Story of a… Florida Cowboy

Fifth-generation rancher Kevin Whaley maintains the traditions and bloodlines of Old Florida.

Roberto Gonzalez

The family legacy. Whaley runs his approximately 6,000-acre ranch, which was passed down through his family, with the help of his 24-year-old daughter, Laci, two brothers and a nephew. 

Growing up cowboy. When he was only 6 years old, Whaley participated in the quadrille, a type of intricate square dance that is performed on horseback, at the Silver Spurs Rodeo. By then, he was a veteran rider. “I imagine I was two or three years old when I first started riding.”

A day in the life. His typical day can include building or fixing fences, herding cattle or getting them out of the road, watching for coyotes, or lending a hand to a fellow rancher, among a host of other duties. “I get to do a lot of different things, but don’t think I don’t get tired,” laughs Whaley, who studied ranch management at Texas Christian University.

Genealogy for farm animals. Whaley Ranch is home to sheep, about 1,000 head of cattle, a team of horses and cattle dogs, all with bloodlines tracing back to the time of Whaley’s ancestors, who settled the Kissimmee area in the 1860s.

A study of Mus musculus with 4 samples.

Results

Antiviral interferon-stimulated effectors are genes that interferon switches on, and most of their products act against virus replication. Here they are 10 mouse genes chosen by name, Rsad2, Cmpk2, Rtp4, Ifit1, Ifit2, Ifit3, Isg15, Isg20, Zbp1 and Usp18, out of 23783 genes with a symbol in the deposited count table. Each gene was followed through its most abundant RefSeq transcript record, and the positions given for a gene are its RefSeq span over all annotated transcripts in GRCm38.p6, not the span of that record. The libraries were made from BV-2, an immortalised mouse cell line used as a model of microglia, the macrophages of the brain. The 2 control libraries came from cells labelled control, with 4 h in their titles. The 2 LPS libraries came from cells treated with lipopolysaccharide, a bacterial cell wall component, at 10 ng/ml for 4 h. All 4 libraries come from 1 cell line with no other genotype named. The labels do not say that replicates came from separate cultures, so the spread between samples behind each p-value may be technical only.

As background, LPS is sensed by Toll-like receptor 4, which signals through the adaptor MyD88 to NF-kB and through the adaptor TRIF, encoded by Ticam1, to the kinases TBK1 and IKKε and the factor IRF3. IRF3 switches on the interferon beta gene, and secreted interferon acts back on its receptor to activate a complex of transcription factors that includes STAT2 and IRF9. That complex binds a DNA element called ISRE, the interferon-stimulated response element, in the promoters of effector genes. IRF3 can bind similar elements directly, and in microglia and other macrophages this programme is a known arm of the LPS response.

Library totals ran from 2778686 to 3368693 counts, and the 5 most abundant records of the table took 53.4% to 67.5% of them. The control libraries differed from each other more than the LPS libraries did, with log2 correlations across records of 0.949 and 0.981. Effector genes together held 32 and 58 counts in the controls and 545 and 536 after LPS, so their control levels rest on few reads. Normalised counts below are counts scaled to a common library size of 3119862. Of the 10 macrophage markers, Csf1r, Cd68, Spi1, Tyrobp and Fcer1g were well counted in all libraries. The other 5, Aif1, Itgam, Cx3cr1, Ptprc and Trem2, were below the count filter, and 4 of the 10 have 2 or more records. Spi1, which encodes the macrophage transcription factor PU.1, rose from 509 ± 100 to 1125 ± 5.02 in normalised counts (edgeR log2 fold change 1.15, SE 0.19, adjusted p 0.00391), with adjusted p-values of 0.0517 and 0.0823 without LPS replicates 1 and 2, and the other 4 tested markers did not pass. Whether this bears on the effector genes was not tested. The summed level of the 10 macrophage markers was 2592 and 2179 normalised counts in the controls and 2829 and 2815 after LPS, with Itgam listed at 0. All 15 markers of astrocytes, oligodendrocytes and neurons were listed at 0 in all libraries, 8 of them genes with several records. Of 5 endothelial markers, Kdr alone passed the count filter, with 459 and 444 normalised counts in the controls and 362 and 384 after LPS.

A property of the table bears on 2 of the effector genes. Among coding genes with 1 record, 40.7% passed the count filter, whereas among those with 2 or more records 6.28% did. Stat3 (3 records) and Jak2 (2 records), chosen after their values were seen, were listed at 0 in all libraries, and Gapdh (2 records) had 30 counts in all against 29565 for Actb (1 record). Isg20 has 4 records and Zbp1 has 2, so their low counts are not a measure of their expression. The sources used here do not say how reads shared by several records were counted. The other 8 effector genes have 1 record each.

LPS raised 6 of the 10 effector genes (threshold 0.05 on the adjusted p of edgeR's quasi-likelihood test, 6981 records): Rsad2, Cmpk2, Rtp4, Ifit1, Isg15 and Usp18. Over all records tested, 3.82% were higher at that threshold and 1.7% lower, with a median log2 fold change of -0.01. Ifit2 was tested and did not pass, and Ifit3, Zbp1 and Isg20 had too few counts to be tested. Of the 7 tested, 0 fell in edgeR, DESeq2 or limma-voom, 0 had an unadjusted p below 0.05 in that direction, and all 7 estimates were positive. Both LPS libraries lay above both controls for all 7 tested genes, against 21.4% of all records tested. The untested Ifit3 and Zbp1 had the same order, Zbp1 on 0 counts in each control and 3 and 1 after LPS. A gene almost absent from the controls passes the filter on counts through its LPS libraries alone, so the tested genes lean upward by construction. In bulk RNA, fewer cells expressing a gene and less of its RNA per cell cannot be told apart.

A code among cowboys. “Most of the people I was raised around are good, honest, fair people.” From his grandfather and father, he learned to “treat people like you want to be treated and to be fair to people. I always try to give a little bit more than I receive.”

He learned from the old-timers. Among Whaley’s mentors was late Osceola County rancher Doc Partin. “He was a good fella, as good a cowboy as there ever was. He loved what he did as much as anybody I’ve ever seen. I’m the same kind of way, really. I love what I do.”

Land doesn’t equal money. A misconception most people have about Whaley’s way of life is “that all people with a few acres and some cows are rich, ’cause they’re not.”

Speaking of money. “Agriculture is one of the few businesses in which you have no hand in what you sell your products for. You get what they offer you. It’s like with the cows. We’re getting less than half the price of [what we got] two years ago.”

Good markets can bring cattle rustlers. “A couple of years ago, when the prices got real high, one of them calves was worth $1,000. Somebody would come steal your calf and take it to one of the markets around the state. You’ve just got to keep your eye out.”

Roping gone wrong. Whaley laughs when he recalls a nighttime wild boar hunt. “I got up on the hood of my truck and roped that thing, and he took off and dragged me about 20 yards. We went ’round and ’round. I’ve kicked them off me before. I’ve cut up the bottom of my boot to pieces that way.”